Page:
Access to finance will enhance entrepreneurship opportunities
Entrepreneurs find that access to finance is still the biggest barrier to succeeding in business, a study has shown.
The UK has a strong base of entrepreneurs setting up new businesses every day – and small and medium-sized enterprises are the lifeblood of the nation’s economy. Yet according to a new study from EY, there are still obstacles holding them back from setting up and growing their businesses.
Half the UK entrepreneurs surveyed by the firm said that sourcing finance is the biggest barrier to establishing a new business in the country.
That’s more than any other reason, in spite of steps taken by the government to promote business lending and encourage banks to take more risks on promising startups and business ideas, as well as financing growth for more established firms.
Considering the fact that there was little concern about market conditions or a lack of business opportunities, which attracted seven and four per cent of the vote respectively, it seems that difficulties in finding finance are really hampering the potential of new companies and the UK economy as a result.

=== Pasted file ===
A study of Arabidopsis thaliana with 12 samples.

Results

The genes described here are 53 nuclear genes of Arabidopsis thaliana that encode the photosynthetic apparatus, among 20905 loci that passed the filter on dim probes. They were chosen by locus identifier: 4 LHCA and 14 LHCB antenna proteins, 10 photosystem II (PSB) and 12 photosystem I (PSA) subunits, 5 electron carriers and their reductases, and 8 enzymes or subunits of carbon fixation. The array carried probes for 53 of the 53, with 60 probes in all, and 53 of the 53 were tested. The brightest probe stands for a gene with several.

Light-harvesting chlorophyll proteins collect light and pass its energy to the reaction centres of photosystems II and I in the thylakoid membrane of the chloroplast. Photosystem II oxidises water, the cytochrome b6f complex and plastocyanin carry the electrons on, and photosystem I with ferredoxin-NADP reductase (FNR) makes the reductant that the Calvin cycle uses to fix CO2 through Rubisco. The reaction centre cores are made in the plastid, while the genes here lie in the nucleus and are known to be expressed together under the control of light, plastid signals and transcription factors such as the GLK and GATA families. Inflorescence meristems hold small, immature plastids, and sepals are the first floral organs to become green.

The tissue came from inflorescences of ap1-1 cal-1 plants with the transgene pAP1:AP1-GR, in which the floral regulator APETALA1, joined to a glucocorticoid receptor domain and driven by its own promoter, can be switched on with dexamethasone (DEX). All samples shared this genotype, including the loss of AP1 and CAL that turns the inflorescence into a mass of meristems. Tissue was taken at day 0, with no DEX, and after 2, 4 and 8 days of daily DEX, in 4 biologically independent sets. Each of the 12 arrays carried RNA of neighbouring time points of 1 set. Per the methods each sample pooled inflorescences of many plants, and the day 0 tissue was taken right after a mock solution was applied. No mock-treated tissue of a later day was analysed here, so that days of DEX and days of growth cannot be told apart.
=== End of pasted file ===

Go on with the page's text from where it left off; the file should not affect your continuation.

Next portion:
It was the construction industry where struggles with finance were the biggest concern. Nine out of ten construction entrepreneurs said they had problems with finding finance; in contrast, a quarter of those in the pharmaceuticals industry said the same.
But in some cases, it appeared that many companies were not actually considering external sources of finance.
Just a fifth said they would look to their bank for finance, while 16 per cent saw private equity as an alternative and just three per cent would think about venture capital.
Instead, some 27 per cent said they were more likely to fund growth themselves through retaining profits.
Stuart Watson, leader of EY’s Entrepreneur of the Year, said that the various incentives and funding options available to businesses require time to be reviewed and considered. In the meantime, governments need to consider how they can promote further investment in growing companies.
“Matching funding to business growth plans remains a key area of concern for ambitious entrepreneurs, not least as rapid growth tends to absorb cash,” he explained.
“Entrepreneurial business leaders that develop strong controls over cash and cash forecasting as they grow find this enables them to plan early for fund raising and helps to attract investors.”